In October 2008, as the last global financial crisis raged, Deutsche Bank’s CEO Josef Ackermann boasted to German reporters that his bank did not need and would not accept a government bailout, a claim that’s been often repeated in the financial press.
But how do you define “bailout” and “taking state money”? If, for example, one narrowly construes a bailout to be a direct equity infusion from government coffers, then Ackermann is correct – Deutsche Bank, unlike its smaller rival Commerzbank, did not receive an equity infusion from the German government. Nor did it receive funds directly from the US Troubled Asset Relief Program (TARP.)
But that doesn’t mean it didn’t accept government rescue money during the financial crisis. Consider the following:
- As one of the largest counterparties of failed insurer AIG, Deutsche Bank received $11.8 billion of the funds used to bail out AIG. 
- The Federal Reserve made emergency low-cost funds widely available to foreign as well as US member institutions through its discount window. Deutsche Bank was the second heaviest user of such funds, borrowing more than $2 billion.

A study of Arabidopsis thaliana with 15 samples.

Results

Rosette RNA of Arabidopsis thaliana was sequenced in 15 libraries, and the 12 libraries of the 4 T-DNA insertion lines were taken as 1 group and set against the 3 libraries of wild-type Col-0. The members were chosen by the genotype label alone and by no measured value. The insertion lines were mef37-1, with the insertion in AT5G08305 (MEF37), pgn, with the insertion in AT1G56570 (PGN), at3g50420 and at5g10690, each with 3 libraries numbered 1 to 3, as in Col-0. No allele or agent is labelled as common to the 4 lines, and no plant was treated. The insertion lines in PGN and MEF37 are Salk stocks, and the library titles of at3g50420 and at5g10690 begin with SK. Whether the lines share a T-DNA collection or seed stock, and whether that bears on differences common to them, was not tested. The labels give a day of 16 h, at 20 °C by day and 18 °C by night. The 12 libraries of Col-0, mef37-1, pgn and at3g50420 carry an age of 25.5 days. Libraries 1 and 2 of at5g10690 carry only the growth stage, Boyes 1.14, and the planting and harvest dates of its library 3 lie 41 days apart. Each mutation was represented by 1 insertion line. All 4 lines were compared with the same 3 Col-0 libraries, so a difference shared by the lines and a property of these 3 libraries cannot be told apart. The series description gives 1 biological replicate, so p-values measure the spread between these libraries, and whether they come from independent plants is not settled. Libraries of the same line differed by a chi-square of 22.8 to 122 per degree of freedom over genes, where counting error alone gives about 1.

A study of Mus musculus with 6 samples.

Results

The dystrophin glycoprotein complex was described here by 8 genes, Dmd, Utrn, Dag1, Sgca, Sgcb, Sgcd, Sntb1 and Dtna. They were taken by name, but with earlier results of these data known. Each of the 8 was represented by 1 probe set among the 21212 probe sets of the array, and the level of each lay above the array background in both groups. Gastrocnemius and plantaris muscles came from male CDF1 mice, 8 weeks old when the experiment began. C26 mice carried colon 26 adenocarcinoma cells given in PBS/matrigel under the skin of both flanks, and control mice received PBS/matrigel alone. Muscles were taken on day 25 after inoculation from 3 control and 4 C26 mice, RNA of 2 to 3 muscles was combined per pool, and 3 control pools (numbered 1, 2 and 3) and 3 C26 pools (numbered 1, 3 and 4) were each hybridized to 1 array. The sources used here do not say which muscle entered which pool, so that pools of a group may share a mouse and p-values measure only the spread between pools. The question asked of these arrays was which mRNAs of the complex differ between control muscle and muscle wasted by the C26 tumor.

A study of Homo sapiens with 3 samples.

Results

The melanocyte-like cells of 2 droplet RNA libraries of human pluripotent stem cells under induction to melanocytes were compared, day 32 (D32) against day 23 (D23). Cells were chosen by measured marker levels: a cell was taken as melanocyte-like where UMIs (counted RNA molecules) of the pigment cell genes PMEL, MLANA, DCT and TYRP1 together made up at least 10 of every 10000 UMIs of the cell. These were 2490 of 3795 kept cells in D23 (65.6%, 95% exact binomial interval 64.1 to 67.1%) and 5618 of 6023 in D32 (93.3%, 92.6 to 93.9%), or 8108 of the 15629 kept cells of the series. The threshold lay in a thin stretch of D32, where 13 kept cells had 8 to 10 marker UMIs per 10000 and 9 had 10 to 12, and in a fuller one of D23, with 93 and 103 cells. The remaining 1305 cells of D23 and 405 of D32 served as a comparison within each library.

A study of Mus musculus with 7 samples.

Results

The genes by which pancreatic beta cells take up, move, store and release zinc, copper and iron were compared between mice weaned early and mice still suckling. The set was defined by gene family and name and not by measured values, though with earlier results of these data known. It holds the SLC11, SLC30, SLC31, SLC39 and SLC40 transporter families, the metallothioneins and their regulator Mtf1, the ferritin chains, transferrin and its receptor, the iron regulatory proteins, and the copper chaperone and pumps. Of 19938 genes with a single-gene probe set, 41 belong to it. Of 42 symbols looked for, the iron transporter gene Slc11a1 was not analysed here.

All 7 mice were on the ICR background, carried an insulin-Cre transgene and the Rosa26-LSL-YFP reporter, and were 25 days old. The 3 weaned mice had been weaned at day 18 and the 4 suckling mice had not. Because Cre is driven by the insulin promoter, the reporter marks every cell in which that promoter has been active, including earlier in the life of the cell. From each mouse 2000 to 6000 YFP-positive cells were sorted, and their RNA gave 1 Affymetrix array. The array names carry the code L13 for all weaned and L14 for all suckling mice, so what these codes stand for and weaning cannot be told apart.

- The Federal Reserve also created a program known as the Term Asset-Backed Securities Lending Facility, which allowed banks to use their assets, including troubled or hard-to-value assets, as collateral for short term loans. Deutsche Bank was the largest user of the program, sending the Fed more than $290 billion worth of mortgage securities.
To most people, who don’t make fine distinctions among the particular government programs that funneled their tax dollars to financial institutions, this probably looks an awful lot like a bailout.
 Deutsche Welle, 10/20/2008.
 “German and French banks got $36 billion from AIG bailout,” Business Week, 3/15/09.
 “Foreign Banks tapped Fed’s Secret Lifeline Most at Crisis Peak,” Bloomberg, 4/1/11.
 “Fed Opens Books, Revealing Foreign Megabanks Were Biggest Beneficiaries,” Huffington Post, 1/31/11.